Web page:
Case Study: Prisma helps change the narrative on gender bias in the mining sector

The mining industry has always been heavily male dominated, and stereotypes have persisted. However, many studies now show that diverse workforces are inherently more successful in today’s world. The importance of gender diversification is becoming clear and changing the narrative around women in mining is an essential component of this. Prisma Training Solutions is proud to be playing a vital role in this shift, and most recently completed training of an all-women group of 14 individuals, who were taught and licensed to drive Komatsu HD785 dump trucks, a skill that has traditionally been the sole domain of male workers.

Challenges of a legacy
South Africa’s history is littered with inequality, and the legacy of the mining industry highlights the disparity between men and women. In the past, gender roles were assigned such that men went off to work and women stayed at home to tend to the house and the children. However, this has shifted dramatically, and women are increasingly playing important roles in many workplaces, mining included. The challenge is that pre-existing stereotypes persist. There is still a belief that women are not strong enough to perform some jobs, as well as patriarchal attitudes and bias against women, who are frequently judged on their gender and not their actual job performance.

“There is an ongoing perception that women are physically incapable of many of the technical or more physical roles in mining, and typically women in the mining industry have thus been assigned softer roles like cleaning, administrative and office-based roles. It is becoming increasingly evident, however, that women are not only capable of performing jobs that were considered men’s jobs, but that they bring a whole new perspective to the roles that can be immensely valuable,” says Carol Brandt, Metallurgy Training Manager at Prisma.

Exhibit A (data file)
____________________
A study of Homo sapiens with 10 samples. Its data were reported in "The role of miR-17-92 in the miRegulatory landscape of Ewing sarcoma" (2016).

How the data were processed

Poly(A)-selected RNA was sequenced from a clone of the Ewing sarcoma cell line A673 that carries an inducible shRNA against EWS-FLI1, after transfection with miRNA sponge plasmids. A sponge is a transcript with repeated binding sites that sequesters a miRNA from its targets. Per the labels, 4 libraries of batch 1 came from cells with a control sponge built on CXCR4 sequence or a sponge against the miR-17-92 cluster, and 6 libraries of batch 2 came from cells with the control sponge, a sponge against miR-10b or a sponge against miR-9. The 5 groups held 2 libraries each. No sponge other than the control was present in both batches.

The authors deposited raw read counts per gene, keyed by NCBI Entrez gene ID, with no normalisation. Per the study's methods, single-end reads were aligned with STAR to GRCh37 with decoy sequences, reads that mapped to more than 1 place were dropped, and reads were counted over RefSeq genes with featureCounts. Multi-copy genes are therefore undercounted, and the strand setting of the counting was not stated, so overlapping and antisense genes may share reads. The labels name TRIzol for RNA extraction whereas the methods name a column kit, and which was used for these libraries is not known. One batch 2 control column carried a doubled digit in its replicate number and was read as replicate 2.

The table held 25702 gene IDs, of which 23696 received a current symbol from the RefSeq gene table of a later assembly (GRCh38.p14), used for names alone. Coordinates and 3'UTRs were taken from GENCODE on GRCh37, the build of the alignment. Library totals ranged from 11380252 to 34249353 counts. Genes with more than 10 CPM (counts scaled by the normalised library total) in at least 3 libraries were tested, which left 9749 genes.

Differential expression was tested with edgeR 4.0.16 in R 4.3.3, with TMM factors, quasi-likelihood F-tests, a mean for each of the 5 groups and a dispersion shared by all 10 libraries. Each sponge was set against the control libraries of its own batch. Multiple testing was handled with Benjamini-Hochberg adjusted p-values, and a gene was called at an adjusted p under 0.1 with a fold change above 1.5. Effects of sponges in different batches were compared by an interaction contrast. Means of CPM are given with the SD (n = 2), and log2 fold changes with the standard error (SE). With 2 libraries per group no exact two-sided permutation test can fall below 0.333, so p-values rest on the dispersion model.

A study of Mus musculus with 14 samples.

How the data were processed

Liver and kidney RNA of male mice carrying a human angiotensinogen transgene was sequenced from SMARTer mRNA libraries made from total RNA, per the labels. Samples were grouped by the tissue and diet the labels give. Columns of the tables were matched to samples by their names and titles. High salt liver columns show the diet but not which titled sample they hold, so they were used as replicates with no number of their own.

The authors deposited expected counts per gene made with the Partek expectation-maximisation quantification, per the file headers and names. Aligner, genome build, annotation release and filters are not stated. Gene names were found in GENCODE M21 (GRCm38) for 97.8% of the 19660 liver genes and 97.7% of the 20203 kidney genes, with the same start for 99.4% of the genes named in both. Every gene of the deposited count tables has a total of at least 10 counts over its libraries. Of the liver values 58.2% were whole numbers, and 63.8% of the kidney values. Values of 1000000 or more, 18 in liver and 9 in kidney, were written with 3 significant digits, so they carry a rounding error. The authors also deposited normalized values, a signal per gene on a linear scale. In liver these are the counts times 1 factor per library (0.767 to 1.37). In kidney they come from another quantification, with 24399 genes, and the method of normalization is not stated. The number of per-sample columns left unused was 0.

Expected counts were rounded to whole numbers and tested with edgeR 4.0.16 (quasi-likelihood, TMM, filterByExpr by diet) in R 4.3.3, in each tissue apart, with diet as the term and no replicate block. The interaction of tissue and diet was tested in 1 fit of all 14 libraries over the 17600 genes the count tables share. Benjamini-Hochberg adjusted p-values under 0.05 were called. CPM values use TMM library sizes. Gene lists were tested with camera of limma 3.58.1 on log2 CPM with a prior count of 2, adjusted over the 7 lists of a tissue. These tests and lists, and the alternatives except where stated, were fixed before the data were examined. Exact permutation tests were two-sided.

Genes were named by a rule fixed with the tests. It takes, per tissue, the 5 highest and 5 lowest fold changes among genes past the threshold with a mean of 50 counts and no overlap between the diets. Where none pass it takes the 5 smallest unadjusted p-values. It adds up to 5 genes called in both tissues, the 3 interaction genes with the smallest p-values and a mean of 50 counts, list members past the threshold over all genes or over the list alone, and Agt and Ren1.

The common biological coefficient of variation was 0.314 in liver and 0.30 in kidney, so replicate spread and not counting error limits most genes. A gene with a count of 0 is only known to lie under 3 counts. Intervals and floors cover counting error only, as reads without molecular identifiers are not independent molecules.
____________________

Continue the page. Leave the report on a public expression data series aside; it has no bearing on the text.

Steps in the right direction
As part of its skills development initiatives, a mine in Springbok in the Northern Cape nominated 14 existing female employees for training on the Komatsu dump trucks. Not only was this an unusual request in that all the individuals to be upskilled were women, with the trainer being a woman too, but it was also notable because the role of dump truck driver is another one that is traditionally assigned to men. The trucks are large and heavy and require significant skill to operate. The training includes psychometric testing to judge reaction time and visual acuity, as well as theory and practical applications.

“All 14 women successfully completed the assessments and training, and the sense of pride when they were found competent to drive these machines was a highlight of the initiative. This training showcases to the industry that women are more than capable of performing jobs that have long been considered out of their scope and is another step forward in addressing ongoing gender bias in the mining industry,” says Brandt.

Changing the narrative
Gender bias continues to be a challenge in the mining industry in general, but there are more and more women paving the way by taking on traditionally male roles, including that of driving dump trucks. Despite this, women face an uphill battle. Prisma Training Solutions supports women in mining through community skills development, theory, practical experience, mentorship, and coaching, and by helping mines themselves to put the right systems into place to support gender equality.

“Women are often judged on their gender rather than their actual ability and must work harder and often sacrifice their femininity to be taken seriously. We need to change both the narrative and the mindset around women in the mining industry, and this is an ongoing process. Women have many positives to contribute and can add diversity and innovation into an industry that risks becoming stale and outdated. They should be empowered to do this without changing who they are at the core, and this is the key to true gender equality. Prisma Training Solutions is proud to be playing a role in achieving this,” Brandt concludes.